Marvel Novel Series #7: Dr. Strange – Nightmare!

#7: Dr. Strange, Master of the Mystic Arts: Nightmare by William Rotsler

The author is a four-time Hugo Award winner for his art and the author of many Star Trek novels as well as the author of the novelizations of the movies Sinbad and the Eye of the Tiger and Futureworld. He died in 1997. He wrote Marvel Novel #6 And Call my Killer … Modok.

Cover by Bob Larkin, released June 1, 1979; the book is 188 pages long, although the story begins at page 9. Illustrations of Dr. Strange begin each chapter, as was done with #1: The Amazing Spider-Man: Mayhem in Manhattan and #2: The Incredible Hulk: Stalker from the Stars; but as with the two prior books, there is no credit as to who drew them. It may be easy to guess, but I would rather not!

The book is “packaged and edited by Len Wein and Marv Wolfman.”  Len Wein is the co-creator of DC’s Swamp Thing and Marvel’s Wolverine as well as joining him with Nightcrawler, Storm and Colossus as the All-New X-Men. Marv Wolfman is known for his excellent run on Tomb of Dracula. Within a few years of this novel he would write for one of the best comics ever created – Night Force – and co-create the New Teen Titans

For the first time, the paperback contains four pages of ads for other Pocket Books – including a selection of occult books, their Space 1999 series and books by science fiction authors John Jakes, Larry Pournelle, Theodore Sturgeon, AE Van Vogt, Jack Vance, Kate Wilhelm and Jack Williamson.

Gratmens: who knows? As silly as Strange’s incantations are, each name could be a hidden friend or comic book professional. The king of the Hittites or the ancient god-mage of the Nubians could have been an anagram for anyone. Page 81’s Alantripi, an Atlantean Sage seems an obvious gratmen – but a quick internet search reveals nothing…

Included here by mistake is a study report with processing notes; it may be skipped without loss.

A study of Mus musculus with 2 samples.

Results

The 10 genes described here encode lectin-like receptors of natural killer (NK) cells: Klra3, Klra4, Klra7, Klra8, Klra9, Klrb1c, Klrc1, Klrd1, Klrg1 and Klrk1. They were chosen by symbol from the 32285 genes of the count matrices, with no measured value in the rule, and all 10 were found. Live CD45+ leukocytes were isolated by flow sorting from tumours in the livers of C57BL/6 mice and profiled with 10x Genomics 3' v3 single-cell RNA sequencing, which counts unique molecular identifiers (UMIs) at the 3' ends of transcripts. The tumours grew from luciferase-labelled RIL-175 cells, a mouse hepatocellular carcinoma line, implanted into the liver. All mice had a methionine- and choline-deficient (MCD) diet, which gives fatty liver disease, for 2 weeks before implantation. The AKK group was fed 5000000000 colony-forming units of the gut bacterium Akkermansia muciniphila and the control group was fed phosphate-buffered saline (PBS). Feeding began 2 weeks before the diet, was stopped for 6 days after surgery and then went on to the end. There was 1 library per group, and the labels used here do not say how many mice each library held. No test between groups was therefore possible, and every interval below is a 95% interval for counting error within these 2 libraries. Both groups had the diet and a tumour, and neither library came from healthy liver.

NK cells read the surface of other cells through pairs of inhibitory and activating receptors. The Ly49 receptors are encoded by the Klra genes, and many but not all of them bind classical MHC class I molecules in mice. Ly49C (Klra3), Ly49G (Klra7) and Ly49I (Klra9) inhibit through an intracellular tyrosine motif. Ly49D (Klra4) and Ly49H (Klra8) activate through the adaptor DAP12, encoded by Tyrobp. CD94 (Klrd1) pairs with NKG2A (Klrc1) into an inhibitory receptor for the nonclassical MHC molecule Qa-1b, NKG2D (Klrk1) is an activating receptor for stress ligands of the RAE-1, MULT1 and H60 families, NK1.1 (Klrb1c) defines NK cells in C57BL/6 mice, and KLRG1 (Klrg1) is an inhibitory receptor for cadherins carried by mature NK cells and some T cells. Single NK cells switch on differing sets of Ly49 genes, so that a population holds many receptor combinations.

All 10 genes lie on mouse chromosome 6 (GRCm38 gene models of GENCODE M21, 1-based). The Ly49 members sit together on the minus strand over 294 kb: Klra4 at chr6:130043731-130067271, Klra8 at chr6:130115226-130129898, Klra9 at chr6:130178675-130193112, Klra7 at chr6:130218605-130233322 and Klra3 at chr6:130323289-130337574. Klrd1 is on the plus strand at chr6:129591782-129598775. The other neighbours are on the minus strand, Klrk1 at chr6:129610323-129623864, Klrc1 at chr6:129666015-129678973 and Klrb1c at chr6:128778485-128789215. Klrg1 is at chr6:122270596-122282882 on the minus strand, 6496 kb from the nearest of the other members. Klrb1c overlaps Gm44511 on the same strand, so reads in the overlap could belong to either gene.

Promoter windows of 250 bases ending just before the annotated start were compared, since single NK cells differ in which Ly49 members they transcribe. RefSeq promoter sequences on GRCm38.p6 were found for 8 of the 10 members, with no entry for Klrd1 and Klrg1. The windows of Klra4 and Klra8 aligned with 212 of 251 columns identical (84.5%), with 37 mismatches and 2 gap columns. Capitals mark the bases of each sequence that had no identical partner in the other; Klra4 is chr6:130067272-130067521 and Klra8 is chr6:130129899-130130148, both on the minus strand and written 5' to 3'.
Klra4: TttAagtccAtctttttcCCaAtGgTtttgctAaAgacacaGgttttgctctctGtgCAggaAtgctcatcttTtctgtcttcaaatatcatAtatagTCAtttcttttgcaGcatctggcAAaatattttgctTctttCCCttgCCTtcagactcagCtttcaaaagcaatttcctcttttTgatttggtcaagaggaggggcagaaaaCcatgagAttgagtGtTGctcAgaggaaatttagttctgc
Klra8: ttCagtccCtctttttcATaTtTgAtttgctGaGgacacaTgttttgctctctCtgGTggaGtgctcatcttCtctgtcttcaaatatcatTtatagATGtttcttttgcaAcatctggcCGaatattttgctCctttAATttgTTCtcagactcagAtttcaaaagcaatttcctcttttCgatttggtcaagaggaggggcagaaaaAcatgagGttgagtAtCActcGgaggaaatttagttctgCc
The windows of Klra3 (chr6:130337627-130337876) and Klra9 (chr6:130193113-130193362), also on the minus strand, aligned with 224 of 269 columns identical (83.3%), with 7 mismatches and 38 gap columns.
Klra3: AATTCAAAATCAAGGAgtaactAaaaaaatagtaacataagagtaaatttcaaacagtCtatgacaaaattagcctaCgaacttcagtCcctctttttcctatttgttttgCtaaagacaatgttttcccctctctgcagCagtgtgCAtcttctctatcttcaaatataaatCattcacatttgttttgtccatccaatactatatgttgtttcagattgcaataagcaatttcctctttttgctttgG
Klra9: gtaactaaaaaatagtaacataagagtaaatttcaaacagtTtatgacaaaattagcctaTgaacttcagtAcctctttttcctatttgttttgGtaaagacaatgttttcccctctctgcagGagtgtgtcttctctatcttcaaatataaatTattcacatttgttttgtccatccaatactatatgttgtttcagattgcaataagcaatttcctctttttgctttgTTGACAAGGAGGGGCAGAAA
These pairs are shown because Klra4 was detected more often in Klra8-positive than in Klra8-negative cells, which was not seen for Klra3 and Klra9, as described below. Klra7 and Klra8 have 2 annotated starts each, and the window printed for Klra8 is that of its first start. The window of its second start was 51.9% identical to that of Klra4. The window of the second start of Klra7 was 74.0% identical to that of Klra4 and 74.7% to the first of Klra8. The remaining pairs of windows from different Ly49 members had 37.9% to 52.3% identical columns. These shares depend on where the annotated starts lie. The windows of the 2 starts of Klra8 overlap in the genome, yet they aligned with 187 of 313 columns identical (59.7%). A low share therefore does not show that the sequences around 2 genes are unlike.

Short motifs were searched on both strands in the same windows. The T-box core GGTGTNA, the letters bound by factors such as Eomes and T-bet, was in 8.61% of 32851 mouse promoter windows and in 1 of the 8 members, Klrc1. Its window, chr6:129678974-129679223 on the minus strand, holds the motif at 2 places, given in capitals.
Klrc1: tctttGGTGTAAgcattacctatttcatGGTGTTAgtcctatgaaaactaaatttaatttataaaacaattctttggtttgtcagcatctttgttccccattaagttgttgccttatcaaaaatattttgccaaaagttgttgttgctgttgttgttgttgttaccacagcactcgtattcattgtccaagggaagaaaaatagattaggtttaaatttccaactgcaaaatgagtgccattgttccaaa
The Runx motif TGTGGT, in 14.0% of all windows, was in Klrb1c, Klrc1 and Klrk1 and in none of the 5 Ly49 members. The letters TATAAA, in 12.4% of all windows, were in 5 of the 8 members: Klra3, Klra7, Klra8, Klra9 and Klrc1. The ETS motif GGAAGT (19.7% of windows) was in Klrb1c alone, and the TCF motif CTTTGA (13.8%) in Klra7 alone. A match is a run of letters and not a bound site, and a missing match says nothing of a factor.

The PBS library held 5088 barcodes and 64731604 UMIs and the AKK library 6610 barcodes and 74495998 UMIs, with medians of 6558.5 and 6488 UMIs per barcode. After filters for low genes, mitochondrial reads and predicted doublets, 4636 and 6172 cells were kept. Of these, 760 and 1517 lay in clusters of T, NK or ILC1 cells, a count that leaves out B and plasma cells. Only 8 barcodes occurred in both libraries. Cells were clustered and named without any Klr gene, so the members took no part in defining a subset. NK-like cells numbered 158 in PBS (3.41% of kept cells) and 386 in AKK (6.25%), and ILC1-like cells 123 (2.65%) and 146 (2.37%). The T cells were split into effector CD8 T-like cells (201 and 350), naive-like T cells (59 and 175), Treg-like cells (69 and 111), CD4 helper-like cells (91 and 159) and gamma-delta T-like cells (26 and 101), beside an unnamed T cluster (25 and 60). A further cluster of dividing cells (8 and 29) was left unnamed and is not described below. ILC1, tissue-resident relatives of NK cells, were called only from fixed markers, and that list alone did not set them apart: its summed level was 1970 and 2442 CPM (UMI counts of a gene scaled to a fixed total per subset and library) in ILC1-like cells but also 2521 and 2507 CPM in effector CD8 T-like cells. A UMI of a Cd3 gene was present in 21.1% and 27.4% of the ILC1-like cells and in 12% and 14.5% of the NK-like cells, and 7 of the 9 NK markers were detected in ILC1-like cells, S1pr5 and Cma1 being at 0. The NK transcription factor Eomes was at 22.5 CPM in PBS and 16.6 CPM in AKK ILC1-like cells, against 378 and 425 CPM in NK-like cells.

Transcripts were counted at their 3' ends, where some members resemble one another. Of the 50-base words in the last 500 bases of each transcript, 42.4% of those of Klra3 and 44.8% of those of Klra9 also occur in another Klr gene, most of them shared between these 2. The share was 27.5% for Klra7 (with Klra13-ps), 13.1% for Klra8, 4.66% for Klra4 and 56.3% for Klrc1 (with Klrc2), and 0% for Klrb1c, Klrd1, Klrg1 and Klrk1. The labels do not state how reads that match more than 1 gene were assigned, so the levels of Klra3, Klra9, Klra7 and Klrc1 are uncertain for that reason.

Some of his common phrases are here: the Hoary Hosts of Hoggarth, the Crimson Bands of Cyttorak, the Vapors of Valtorr, and the Yawning Yowls of Jagermeister. Well, I made up that last one. I once joked about Dr. Strange’s Amulet of Amaretto and have never forgotten it. It’s a fun game! Try it! Make one up of your own!

 

This is my favorite book of the series. I love them all, really. Not a stinker in the bunch.  Granted these are not the collected works of Hemingway, but they are all fun superhero fare.

Maybe that’s why I like this one so much; like its protagonist, it is not necessarily a superhero story: it is mystical and magical! There are references to the Necronomicon and the Dreamlands.

The story itself is very Lovecraftian: At least three people in the world are having disturbing nightmares. One is a televangelist, the other an up-and-coming boxer and the third (that the readers know of) is a hitman/assassin.  The evangelist’s wife is concerned: the minister is on the brink of “stardom” and he has not been the same since the nightmares started.

Dr. Strange senses something is indeed wrong and injects himself into the minister’s dreams. There he runs into his old adversary Nightmare, who is planning his most nefarious plan yet to conquer the waking world!

 

Oddly, I was never a huge fan of Dr. Strange’s comic book. I read them and liked them, but they were always read AFTER more standard superhero books. I did not much like magic and mysticism in comics … still don’t: it was never a good fit. In other books, most notably the Defenders, Dr. Strange was limited to blasting the bad guys with energy bolts from his hands – far removed from the incantations in this novel.

Just as odd: superheroes in prose was, to me, nothing more than light reading.  Fun, sure! But as I said; this isn’t exactly Hemingway.

It makes sense that I would enjoy a novel about a supernatural character rather than a super-heroic one.

It is also the easiest book to re-do without the Marvel characters. This could have easily been re-written with a descendent of Randolph Carter or a new creation.  Can you imagine the massive rewrite that And Call my Killer … Modok would have to go through to wipe out Marvel’s presence?

Rotsler did a fine job here. Only a tiny fraction of the cringe-worthy dialogue from his prior Iron Man book (“Me, Modok, he tried to trick!”) is present in Nightmare.

Dr. Strange’s multi-chapter hunt for Clea in the many-doored dreamscape is inspiring.

I read this just before the Dr. Strange movie came out. I couldn’t WAIT and was not disappointed!  You won’t be either.

 

Original Material Copyright 2017 Michael Curry

 

Characters mentioned are copyright their respective holders. Thanks to Marvel Comics and Pocket Books for the use of their images. Cover image was taken by the author.

I also thank the original creators of all characters mentioned, whether or not they have been properly compensated or credited.